View Full Version : Handling 3d encounters online

2008-10-02, 09:30 PM
I've got this scenario in mind, for a spherical room with random gravity effects. Theoretically, it'll be super-duper, except that the software we play on (Maptool) is rather flat.

If the players can't visualize where their characters are easily, I can see it turning into a real pain in the ass. So, gurus, any suggestions? :smallbiggrin:

If all else fails, I could just turn it into a cylinder and use color coding to represent height, but that's not nearly as cool.

2008-10-02, 09:57 PM
The problem with representing a sphere on 2D in general is that every projection has its quirks. You could try using a world-map style projection to make a grid of the sphere, then write the distance towards the center. It would get very complicated, very fast, though.

2008-10-02, 10:00 PM
just assign the room a z axis and keep a note of it

it would make all the squares into cubes

2008-10-02, 10:11 PM
just assign the room a z axis and keep a note of it

it would make all the squares into cubes

Hmm. Building the sphere from cubes might indeed work. You'd need to keep track of the maximum distance the players can move up or down. This might not be so useful if they're walking on the walls of the sphere.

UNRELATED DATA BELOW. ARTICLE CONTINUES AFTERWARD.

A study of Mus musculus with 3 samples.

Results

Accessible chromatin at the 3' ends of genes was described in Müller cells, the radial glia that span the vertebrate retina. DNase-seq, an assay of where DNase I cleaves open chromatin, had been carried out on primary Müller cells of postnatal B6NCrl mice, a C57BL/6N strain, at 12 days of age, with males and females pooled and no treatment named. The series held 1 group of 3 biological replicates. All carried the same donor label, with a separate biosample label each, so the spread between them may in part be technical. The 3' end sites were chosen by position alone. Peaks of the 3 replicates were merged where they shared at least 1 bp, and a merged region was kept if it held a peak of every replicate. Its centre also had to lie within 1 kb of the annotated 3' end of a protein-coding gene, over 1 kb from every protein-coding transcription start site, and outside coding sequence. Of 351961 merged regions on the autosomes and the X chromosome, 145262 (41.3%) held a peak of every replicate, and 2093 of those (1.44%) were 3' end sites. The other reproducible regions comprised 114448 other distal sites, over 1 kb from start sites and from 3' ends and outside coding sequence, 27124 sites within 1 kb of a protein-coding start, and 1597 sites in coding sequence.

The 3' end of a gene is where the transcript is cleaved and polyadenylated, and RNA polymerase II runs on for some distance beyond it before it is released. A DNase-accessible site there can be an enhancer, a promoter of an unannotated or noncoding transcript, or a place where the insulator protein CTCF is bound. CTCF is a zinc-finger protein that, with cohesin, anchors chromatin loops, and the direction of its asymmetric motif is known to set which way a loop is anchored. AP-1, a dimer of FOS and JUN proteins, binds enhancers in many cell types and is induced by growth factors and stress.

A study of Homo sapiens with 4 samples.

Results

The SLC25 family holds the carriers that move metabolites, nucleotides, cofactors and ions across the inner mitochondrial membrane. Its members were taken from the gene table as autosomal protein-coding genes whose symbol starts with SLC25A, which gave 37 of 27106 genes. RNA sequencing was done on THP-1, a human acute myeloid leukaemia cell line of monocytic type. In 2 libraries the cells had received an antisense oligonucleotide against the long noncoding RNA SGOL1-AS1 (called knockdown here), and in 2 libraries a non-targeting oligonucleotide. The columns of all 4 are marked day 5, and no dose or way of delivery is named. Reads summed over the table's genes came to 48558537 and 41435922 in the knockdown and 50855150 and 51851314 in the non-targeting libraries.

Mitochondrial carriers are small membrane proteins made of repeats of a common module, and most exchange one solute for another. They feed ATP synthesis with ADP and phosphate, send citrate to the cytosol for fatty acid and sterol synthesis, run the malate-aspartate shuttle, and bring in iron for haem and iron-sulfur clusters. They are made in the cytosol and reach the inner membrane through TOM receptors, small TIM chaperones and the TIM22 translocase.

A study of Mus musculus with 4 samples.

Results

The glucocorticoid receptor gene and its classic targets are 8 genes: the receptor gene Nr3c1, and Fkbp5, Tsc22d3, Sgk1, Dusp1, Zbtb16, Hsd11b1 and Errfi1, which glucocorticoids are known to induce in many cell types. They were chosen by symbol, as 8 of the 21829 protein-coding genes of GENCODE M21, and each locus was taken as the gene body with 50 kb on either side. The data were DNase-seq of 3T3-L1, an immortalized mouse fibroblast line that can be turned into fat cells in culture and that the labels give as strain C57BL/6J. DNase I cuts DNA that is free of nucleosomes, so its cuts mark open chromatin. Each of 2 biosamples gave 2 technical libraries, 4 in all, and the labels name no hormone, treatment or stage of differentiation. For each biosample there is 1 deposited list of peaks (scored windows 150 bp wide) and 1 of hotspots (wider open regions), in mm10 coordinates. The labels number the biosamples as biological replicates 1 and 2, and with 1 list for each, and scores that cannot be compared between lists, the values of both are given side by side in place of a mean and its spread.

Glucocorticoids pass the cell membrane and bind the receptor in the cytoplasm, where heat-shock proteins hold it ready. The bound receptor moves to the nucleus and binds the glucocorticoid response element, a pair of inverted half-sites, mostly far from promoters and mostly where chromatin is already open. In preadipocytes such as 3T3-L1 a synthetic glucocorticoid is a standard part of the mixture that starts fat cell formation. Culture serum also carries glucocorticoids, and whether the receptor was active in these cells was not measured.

2008-10-02, 10:23 PM
That would also be a really, really slow way to handle things. I don't know if spherical combat works well IRL, let alone online.

2008-10-02, 10:38 PM
If the sphere doesn't map well and the players are disoriented you could always attribute that to the players being disoriented by being in weird gravity fields.

When we do 3d encounters in PnP, we do the encounter on a normal battlemap and put a d12 next to everyone to indicate their distance in 5' increments from the ground. Up and down movement is usually free since it's not worth calculating how far you move diagonally. I'm not sure if this helps, but it's worked for us.

2008-10-02, 10:42 PM
The only thing I can think of is the (already suggested) concept of indicating position in terms of X, Y, and Z axis. This will require you as a DM to be on the ball constantly in terms of how the PCs are moving, and what the bad guys can do, as well as the actual dimensions of the arena.